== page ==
DEVELOPING: Israeli Prime Minister Benjamin Netanyahu opened his address to world leaders by unabashedly affirming Israel's right to exist, days after Iran's president called for the Jewish state's "elimination."

In a fiery speech to the United Nations General Assembly, Netanyahu said radical Muslims want "to end the modern world," and cited recent violent demonstrations in the Middle East as showing "the medieval forces of radical Islam.

"How many lives will be lost before its defeat?" Netanyahu asked."

Netanyahu noted his nation’s historic alliance with the west and in particular the U.S. and their shared interest in stopping the Islamic Republic from backing up its longstanding threats. Iranian President Mahmoud Ahmadinejad, also in new York for the UN General Assembly, called for the “elimination” of Israel in an interview before his  own speech on Wednesday.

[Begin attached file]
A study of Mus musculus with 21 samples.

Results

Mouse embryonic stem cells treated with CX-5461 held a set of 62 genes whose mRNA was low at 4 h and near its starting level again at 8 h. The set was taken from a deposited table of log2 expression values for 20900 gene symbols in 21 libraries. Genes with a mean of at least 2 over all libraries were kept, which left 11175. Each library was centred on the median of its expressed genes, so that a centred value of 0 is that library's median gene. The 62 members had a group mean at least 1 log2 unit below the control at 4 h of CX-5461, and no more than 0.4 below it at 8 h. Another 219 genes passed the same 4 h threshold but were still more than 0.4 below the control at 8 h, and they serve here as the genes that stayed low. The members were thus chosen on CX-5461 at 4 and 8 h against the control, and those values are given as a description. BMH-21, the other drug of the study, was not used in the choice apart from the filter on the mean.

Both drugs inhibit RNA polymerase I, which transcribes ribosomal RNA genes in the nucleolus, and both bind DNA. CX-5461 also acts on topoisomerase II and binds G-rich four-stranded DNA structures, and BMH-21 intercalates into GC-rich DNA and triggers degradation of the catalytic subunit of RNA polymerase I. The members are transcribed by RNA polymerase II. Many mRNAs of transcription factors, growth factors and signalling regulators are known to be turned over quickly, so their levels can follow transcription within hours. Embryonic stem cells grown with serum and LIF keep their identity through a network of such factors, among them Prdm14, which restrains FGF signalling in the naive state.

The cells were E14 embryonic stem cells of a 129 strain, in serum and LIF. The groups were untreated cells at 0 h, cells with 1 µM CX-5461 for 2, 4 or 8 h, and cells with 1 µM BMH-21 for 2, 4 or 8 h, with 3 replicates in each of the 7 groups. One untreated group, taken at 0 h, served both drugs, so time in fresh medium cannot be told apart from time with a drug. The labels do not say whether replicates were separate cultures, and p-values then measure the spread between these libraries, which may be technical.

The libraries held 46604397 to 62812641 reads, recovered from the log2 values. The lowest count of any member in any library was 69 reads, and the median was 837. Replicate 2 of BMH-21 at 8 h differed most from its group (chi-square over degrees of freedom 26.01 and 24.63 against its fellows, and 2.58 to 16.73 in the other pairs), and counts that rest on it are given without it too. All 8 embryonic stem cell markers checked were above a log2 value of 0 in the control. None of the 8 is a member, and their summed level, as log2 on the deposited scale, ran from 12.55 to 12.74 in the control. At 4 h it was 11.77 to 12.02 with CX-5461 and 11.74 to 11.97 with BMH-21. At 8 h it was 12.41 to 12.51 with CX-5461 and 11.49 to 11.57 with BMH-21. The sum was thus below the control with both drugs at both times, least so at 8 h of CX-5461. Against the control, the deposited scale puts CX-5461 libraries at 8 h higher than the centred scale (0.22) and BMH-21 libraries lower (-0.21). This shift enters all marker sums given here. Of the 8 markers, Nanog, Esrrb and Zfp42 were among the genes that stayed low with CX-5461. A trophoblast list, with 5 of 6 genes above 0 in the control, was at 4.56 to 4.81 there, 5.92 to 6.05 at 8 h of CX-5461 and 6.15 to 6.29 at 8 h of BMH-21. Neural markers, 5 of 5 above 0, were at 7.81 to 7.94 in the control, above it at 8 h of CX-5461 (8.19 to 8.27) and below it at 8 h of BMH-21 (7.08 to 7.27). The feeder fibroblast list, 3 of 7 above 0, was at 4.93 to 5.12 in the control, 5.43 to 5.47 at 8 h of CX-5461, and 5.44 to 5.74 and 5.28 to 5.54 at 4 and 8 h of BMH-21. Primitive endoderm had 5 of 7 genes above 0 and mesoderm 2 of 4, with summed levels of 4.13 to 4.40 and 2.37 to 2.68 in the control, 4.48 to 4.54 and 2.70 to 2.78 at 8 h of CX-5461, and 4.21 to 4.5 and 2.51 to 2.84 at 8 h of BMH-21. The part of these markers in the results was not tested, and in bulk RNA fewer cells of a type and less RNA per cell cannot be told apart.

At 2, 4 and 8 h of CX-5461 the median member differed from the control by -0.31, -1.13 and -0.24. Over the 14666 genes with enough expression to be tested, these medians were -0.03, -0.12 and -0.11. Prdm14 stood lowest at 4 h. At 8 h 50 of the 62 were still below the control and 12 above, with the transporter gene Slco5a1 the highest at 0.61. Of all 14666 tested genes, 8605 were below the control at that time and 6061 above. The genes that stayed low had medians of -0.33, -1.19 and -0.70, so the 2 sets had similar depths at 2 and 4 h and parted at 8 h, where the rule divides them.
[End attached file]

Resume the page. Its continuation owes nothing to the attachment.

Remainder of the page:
Earlier Thursday, Palestinian Authority President Mahmoud Abbas said he will seek to apply to the General Assembly for nonmember status as a sovereign country while cautioning that the expansion of Israeli settlements hurts chances for a two-state solution.

“Despite all the complexities of the prevailing reality and all the frustrations that abound, we say before the international community there is still a chance -- maybe the last -- to save the two-state solution and to salvage peace,'' Abbas said.

Palestinian officials said the bid is likely to be submitted on Nov. 29. The effort was not intended to pose a threat to Israel, Abbas said.
“We are not seeking to delegitimize Israel, but rather establish a state that should be established: Palestine,” Abbas said.
He also warned the assembly that Israel is promising a “new catastrophe” if it continues with current policies in the West Bank.
“Israel refuses to end the occupation and refuses to allow the Palestinian people to attain their rights and freedom and rejects the independence of the State of Palestine,” Abbas said. “Israel is promising the Palestinian people a new catastrophe.”